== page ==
A formidable monster of clay protects the Jewish community of Prague since the 16th century. It sleeps in the attic of the Old New Synagogue, the oldest active Synagogue in Europe, ready to be summoned again.
The Golem of Prague was a feat of sorcery. Life was given to a large clay man who became a powerful slave to its master, the famous Rabbi Loew (Judah Loew ben Bezalel), who then controlled this monster without a will of its own. There are various versions of the legend, of course, and in most of them the monster is very effective but eventually turn on its master, wrecking havoc.
Just as alchemy, the Golem story is a major theme for the Prague visitor, which can hardly be avoided. I ended up gazing curiously at the attic of the Old New Synagogue, eating Golem cakes and bringing a nice little clay figure home with me.
The Golem narrative is a great story, and just as alchemy it fits very well with the gothic blocks of Prague old town. Why shouldn’t there be a mystical clay monster roaming these cobbled streets? Why shouldn’t the masterful Rabbi Loew have made one? Its moral is great too – those who create powerful monsters must beware of them turning on their masters.
The general idea of Golems is much older than the story in Prague and emerged from biblical and Kabbalist Jewish texts. The coming alive of clay monsters seems to have been a legend occurring in several places in medieval Eastern Europe. As laid out in History of the Literary Cultures of East-Central Europe vol 4 (edited by Marcel Cornis-Pope & John Neubauer, 2004), the Golem, in fact, didn’t come to Prague until the early 19th century. It was brought alive not by Rabbi Loew but by the Bohemian Jewish community, trying to establish a new literary tradition.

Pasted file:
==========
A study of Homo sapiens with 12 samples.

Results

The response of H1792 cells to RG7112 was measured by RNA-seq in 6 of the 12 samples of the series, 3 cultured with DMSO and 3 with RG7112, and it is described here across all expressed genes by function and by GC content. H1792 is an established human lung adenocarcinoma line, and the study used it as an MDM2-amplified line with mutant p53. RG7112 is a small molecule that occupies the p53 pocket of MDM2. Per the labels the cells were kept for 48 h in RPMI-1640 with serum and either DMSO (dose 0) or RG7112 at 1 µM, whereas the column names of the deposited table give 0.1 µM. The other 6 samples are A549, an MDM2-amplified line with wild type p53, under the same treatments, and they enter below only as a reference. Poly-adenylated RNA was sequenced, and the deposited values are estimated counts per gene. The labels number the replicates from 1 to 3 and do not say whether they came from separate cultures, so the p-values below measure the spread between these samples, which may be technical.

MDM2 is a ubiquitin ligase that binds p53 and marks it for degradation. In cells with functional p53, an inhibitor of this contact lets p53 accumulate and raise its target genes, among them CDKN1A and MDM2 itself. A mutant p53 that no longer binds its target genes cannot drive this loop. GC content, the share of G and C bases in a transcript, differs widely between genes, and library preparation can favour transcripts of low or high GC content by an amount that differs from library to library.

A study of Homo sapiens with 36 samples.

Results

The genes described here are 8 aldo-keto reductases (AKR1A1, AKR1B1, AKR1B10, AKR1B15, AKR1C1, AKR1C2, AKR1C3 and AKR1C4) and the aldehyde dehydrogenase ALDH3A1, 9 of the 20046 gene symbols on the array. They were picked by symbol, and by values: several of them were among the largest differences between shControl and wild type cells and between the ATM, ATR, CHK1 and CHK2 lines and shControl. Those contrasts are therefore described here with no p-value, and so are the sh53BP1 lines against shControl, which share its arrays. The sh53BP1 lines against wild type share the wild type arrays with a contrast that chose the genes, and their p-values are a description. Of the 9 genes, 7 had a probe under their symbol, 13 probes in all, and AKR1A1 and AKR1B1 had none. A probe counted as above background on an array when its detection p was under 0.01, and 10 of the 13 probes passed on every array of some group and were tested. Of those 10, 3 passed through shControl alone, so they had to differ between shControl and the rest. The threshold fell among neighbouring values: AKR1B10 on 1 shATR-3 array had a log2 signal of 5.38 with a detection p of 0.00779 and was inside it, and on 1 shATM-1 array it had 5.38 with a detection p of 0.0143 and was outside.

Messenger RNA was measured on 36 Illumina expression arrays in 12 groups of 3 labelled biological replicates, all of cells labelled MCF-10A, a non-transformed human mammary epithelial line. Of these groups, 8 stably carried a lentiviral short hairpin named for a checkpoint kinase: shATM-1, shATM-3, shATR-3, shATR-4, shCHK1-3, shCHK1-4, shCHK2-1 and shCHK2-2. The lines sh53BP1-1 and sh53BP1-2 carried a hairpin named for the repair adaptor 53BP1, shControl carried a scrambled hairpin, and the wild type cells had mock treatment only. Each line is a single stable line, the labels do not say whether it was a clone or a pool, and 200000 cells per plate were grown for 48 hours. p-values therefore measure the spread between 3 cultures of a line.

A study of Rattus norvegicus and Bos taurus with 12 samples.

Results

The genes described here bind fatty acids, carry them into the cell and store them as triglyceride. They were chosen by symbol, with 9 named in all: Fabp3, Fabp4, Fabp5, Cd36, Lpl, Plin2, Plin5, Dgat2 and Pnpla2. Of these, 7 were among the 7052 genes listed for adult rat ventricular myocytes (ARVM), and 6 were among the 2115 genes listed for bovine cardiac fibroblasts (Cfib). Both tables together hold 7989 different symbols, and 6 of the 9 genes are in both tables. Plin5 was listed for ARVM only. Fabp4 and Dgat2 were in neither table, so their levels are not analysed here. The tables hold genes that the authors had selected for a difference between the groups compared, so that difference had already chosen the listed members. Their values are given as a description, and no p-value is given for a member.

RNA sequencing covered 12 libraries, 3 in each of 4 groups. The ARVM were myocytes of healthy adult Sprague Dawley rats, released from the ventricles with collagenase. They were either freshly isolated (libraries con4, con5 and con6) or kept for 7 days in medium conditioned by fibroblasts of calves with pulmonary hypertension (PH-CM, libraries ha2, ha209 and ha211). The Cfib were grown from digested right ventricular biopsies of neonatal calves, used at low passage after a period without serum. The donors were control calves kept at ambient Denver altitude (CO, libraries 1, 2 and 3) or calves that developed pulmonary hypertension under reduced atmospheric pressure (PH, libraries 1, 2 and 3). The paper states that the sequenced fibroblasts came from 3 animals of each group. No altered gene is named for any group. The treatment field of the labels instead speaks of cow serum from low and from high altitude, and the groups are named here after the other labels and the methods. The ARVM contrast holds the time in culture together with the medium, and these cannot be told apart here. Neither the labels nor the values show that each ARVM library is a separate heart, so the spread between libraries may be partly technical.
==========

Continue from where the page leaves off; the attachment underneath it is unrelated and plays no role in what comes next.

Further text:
The Golem story got very popular. It was probably the basis for Mary Wollstonecraft Shelley’s Frankenstein and for numerous similar sci-fi plots such as in Bladerunner or the Terminator series.
A fantastic story, the current Golem presence for tourism purposes in Prague is also a sad reminder of an absence. The absence of once vibrant Jewish life here. Some managed to escape, but estimations say that about two thirds of the Jews in the protectorate of Bohemia and Moravia were murdered in the Holocaust and no Golem rose to protect them.